Ever since the first inhabitants set foot in Hungary and founded the Aquincum – an ancient Roman city found where today’s Óbuda is set – the area has been famous for its hot springs. Hungary’s thermal-water reserve is one of the largest in the world, and as a result Budapest is rich in world-class healing baths. Here, in our article we present some of the best medical meccas in the Magyar metropolis.
Budapest is the only capital in the world with healing water flowing beneath its grounds. When it comes to per capita thermal water on the planet, Hungary ranks second after Iceland with its medical waters ranging from 21 °C and 76 °C. Six of Budapest’s eleven thermal-heated baths have a history dating back to hundreds of years, keeping spa traditions alive in the city. Now scan through our list to find out which healing oasis best suits your needs.
Established during the 15th century, Gellért is characterized by Art Nouveau grandeur and it's one of the most stunning baths in the Hungarian capital. During the country's Ottoman occupation, Gellért was popular among the Turkish, mostly due to its cavernous spaces and constant supply of geothermally-heated water supply. Gellért boasts several indoor pools and an outdoor wave-pool during the summer months, while guests on its site can sign up for numerous medical treatments.
Nothing compares to diving into the outdoor pool of Széchenyi Bath amid magical snowfall during the winter months. Budapest's largest thermal bath and its alfresco pool is open all year round to provide muscle-melting experience throughout all four seasons. When lounging in the steaming baths outside, you can play chess in the water with the locals, while additional pools, sizzling sauna sessions, and a variety of medical treatments await guests indoors, plus here you can purchase the healing water that is said to have fantastic curing effects on the body.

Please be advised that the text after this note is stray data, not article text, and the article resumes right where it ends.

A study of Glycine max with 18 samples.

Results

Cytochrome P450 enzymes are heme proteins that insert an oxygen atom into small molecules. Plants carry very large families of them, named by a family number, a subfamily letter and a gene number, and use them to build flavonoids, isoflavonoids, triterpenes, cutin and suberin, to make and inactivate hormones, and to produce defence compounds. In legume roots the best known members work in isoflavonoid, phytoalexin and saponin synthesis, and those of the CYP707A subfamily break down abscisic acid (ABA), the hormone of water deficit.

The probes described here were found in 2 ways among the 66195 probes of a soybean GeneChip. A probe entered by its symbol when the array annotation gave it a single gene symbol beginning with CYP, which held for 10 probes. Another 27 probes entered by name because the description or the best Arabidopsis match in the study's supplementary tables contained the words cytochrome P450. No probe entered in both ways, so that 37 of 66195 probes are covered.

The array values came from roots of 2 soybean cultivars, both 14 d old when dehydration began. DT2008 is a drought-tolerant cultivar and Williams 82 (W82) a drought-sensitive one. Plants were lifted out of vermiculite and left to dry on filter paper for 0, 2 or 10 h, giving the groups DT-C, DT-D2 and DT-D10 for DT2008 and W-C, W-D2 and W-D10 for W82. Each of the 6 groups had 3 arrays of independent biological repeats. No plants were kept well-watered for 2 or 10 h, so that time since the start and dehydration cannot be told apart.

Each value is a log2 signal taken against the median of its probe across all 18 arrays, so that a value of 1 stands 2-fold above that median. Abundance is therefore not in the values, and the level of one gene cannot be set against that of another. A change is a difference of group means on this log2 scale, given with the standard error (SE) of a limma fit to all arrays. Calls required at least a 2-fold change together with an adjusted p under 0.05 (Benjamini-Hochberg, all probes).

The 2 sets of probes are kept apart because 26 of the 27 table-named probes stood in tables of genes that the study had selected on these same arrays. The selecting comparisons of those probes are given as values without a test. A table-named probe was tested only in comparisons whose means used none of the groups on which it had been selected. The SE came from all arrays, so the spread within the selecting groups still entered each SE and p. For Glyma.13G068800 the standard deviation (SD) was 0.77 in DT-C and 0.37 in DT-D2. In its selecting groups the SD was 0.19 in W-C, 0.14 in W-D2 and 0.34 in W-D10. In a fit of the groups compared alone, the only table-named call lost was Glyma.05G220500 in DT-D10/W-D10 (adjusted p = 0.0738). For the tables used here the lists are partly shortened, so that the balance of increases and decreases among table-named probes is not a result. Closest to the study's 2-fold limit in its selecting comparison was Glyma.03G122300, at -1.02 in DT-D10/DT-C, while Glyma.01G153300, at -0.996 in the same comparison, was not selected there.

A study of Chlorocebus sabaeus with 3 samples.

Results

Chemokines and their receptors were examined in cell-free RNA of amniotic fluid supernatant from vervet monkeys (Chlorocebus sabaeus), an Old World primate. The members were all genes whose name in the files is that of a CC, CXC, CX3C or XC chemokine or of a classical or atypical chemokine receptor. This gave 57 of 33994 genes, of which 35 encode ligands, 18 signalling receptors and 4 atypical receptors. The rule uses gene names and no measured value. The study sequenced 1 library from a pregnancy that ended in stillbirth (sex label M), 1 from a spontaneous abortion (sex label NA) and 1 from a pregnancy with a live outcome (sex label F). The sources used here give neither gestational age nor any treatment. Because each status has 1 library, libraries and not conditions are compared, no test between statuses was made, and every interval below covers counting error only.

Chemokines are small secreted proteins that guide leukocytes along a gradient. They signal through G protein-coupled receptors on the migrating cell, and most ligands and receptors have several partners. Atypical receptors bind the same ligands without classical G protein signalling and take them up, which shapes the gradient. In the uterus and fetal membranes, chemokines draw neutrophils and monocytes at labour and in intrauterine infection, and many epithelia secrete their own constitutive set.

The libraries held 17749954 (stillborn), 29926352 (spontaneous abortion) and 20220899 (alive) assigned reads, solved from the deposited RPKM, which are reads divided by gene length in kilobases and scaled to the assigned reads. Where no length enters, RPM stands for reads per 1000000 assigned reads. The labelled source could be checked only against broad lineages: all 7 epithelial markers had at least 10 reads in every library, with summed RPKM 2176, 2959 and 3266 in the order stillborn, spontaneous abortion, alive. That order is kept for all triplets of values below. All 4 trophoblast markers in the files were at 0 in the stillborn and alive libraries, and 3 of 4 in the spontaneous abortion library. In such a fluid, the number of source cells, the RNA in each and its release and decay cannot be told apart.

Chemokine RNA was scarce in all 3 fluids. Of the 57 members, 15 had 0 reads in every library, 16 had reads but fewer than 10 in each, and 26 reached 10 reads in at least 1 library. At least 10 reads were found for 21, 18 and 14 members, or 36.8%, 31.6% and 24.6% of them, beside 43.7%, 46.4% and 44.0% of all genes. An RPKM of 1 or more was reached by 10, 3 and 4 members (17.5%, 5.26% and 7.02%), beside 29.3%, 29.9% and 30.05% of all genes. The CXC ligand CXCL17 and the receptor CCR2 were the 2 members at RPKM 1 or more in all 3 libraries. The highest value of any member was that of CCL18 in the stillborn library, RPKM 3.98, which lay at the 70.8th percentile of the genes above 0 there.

Built during the Ottoman rule in Hungary, Rudas is a state-of-the-art complex, offering a charming locale for swimming and escaping the city's bustling scenes. With an old tradition still in place, during the week the bath has separate dates assigned for men and women for using its steaming facilities, while on the weekend Rudas is open for both genders. After a thorough renovation, now this healing heaven boasts modernized facilities, while a panoramic jacuzzi provides sweeping vistas to Pest's skyline on the rooftop level. Plus Rudas has a drinking hall to those who want to taste the natural spring water, flowing beneath its ground.
Lukács Thermal Bath was established by the knights of Saint John’s order, who settled in the area with the aim of curing the sick. Later, orders from Rhodes and Malta took over what’s known today as Lukács Bath, and established their own monasteries with the same healing purpose, while the building was transformed into a Turkish bath during the Ottoman occupation. In 1999 Lukács was fully revamped, and now the spa features a blend of modern and traditional facilities, including indoor and outdoor pools, alongside a wellness area with sauna, Kneipp pool, a Himalaya salt wall, and much more.
With a distinct Turkish infusion in its architecture, Király Thermal Bath – once in the possession of the König family – features an eclectic atmosphere of modern and traditional elements. With four pools filled with hot spring water bearing magnesium, calcium, fluoride ions, it's a soothing haven, where additional elements, including a jacuzzi, steam cabin, sauna, gym, and various medical treatments ensure complete relaxation.
As one of the city's lesser-known baths, Veli Bej is a tranquil recreation zone, established during the Ottoman occupation. Its tastefully renovated scenes reserved the place's century-old architecture, while the spa's internal facilities were upgraded and Veli Bej now boasts a thermal-water pool, infused with calcium carbonate – recommended for those with rheumatic problems or recuperating from surgeries – a jacuzzi, a steam room, and much more.